On May 8 and 9, the Monument to the Liberators of Soviet Latvia and Riga from the German Fascist Invaders in Victory Park (Uzvaras parks; Парк Победы) served as a gathering spot for two separate commemorations of the end of the second World War. May 8 is Victory in Europe Day (VE Day), celebrated through Europe and the US, and May 9 is Victory Day, a Russian holiday marking the victory over the Germans.
The Russian Victory Day gathering has been contentious since Latvia’s independence; many Latvians view it as a celebration of the Soviet occupation of Latvia. Because of this and because of rising tensions throughout Europe over Russia’s invasion of Ukraine, the Riga government banned Russian gatherings on May 9 and forbade any displays of Russian nationalism. In previous years, the Russian holiday saw thousands gathered at the base of the monument, laying flowers on the ground, and displaying Russian patriotic symbols.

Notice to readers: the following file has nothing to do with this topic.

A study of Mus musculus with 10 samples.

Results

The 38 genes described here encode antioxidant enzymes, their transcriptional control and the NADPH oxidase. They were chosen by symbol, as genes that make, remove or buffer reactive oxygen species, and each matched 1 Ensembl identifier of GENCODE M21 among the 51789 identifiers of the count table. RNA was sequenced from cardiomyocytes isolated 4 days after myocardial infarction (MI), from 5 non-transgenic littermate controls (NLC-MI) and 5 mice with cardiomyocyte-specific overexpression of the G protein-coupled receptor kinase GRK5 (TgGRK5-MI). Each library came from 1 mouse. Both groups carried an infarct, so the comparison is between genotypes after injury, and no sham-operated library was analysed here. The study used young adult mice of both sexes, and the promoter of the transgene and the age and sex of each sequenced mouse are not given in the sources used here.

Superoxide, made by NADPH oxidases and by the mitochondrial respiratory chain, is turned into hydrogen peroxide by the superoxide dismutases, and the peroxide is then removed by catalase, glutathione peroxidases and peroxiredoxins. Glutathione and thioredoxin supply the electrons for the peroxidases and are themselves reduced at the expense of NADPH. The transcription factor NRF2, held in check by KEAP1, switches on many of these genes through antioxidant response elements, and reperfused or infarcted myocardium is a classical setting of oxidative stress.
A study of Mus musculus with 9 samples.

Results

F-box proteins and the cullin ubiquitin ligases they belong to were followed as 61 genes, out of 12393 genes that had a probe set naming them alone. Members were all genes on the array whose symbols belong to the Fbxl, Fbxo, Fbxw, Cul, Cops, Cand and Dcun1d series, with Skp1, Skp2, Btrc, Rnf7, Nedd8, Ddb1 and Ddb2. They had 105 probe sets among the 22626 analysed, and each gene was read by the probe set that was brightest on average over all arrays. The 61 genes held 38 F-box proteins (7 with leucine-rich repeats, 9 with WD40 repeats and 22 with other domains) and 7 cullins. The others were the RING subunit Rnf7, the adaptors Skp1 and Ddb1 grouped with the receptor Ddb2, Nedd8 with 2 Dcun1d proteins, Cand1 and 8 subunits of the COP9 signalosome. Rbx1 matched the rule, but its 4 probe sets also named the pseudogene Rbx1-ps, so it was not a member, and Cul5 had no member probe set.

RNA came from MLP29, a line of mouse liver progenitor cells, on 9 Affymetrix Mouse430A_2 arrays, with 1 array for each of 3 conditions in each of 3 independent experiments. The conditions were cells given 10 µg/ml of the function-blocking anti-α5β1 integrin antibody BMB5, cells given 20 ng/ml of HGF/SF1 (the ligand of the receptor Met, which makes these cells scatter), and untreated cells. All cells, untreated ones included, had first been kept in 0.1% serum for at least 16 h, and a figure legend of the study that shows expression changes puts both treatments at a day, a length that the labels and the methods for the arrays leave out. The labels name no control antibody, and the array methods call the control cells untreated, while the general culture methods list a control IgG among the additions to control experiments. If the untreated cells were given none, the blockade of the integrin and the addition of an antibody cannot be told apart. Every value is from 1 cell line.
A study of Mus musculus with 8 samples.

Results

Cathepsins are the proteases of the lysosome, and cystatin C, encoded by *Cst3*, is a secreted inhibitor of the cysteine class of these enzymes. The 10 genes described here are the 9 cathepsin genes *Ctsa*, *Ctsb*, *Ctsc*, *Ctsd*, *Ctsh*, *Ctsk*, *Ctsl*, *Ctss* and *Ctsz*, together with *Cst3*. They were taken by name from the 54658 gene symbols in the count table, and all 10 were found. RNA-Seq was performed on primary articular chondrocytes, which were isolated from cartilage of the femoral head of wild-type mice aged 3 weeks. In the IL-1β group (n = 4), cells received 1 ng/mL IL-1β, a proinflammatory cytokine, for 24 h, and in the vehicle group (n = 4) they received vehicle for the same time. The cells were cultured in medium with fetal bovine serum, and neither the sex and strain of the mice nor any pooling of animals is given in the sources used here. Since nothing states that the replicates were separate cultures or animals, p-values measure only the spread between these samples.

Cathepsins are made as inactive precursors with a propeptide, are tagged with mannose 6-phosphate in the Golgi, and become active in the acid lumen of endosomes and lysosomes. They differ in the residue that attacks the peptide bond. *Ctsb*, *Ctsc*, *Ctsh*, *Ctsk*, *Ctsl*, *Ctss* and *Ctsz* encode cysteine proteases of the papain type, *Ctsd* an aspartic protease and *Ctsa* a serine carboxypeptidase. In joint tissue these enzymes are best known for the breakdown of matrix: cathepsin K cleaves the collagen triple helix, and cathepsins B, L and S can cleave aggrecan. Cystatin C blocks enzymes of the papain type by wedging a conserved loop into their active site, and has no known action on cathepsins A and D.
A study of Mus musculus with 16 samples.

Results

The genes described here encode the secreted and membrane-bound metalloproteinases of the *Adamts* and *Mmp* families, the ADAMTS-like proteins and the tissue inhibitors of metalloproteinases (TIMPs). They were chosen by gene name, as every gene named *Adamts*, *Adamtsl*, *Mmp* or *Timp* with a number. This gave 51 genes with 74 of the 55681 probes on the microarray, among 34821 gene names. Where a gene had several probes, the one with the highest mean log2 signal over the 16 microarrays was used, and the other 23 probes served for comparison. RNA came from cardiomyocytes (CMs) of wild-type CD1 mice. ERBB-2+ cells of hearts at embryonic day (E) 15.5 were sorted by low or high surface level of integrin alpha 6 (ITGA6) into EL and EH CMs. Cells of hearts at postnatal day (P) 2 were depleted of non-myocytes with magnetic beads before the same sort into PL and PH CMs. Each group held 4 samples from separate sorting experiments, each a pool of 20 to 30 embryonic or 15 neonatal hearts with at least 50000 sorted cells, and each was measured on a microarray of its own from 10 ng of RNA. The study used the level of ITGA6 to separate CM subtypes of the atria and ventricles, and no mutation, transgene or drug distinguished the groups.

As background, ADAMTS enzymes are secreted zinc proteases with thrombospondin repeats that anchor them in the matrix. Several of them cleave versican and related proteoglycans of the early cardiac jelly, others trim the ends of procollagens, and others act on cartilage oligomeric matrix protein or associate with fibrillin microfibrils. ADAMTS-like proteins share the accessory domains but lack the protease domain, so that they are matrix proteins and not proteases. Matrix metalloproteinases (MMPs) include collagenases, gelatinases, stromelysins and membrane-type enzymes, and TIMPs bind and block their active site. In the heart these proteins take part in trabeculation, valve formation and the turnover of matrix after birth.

This year, the monument, which features a traditional Soviet Motherland figure, soldiers, and a tall tower, were surrounded by police barricades decorated with the Latvian and Ukrainian flags and images of the war in Ukraine were put on display. On May 8, people could approach the monument directly, but on May 9, Russians were held back from the monument by police and could not personally lay flowers at the base of the monument. The mood on May 8 was somber, but tensions were high on May 9 as elderly Russians argued with police about why they couldn’t commemorate Victory Day as they have for decades.
UPDATE: Starting 22 Augusut 2022, the Riga government began the destruction of this monument. The soldiers were removed on Aug. 23, and the 260-foot obelisk tower was toppled on Aug. 25.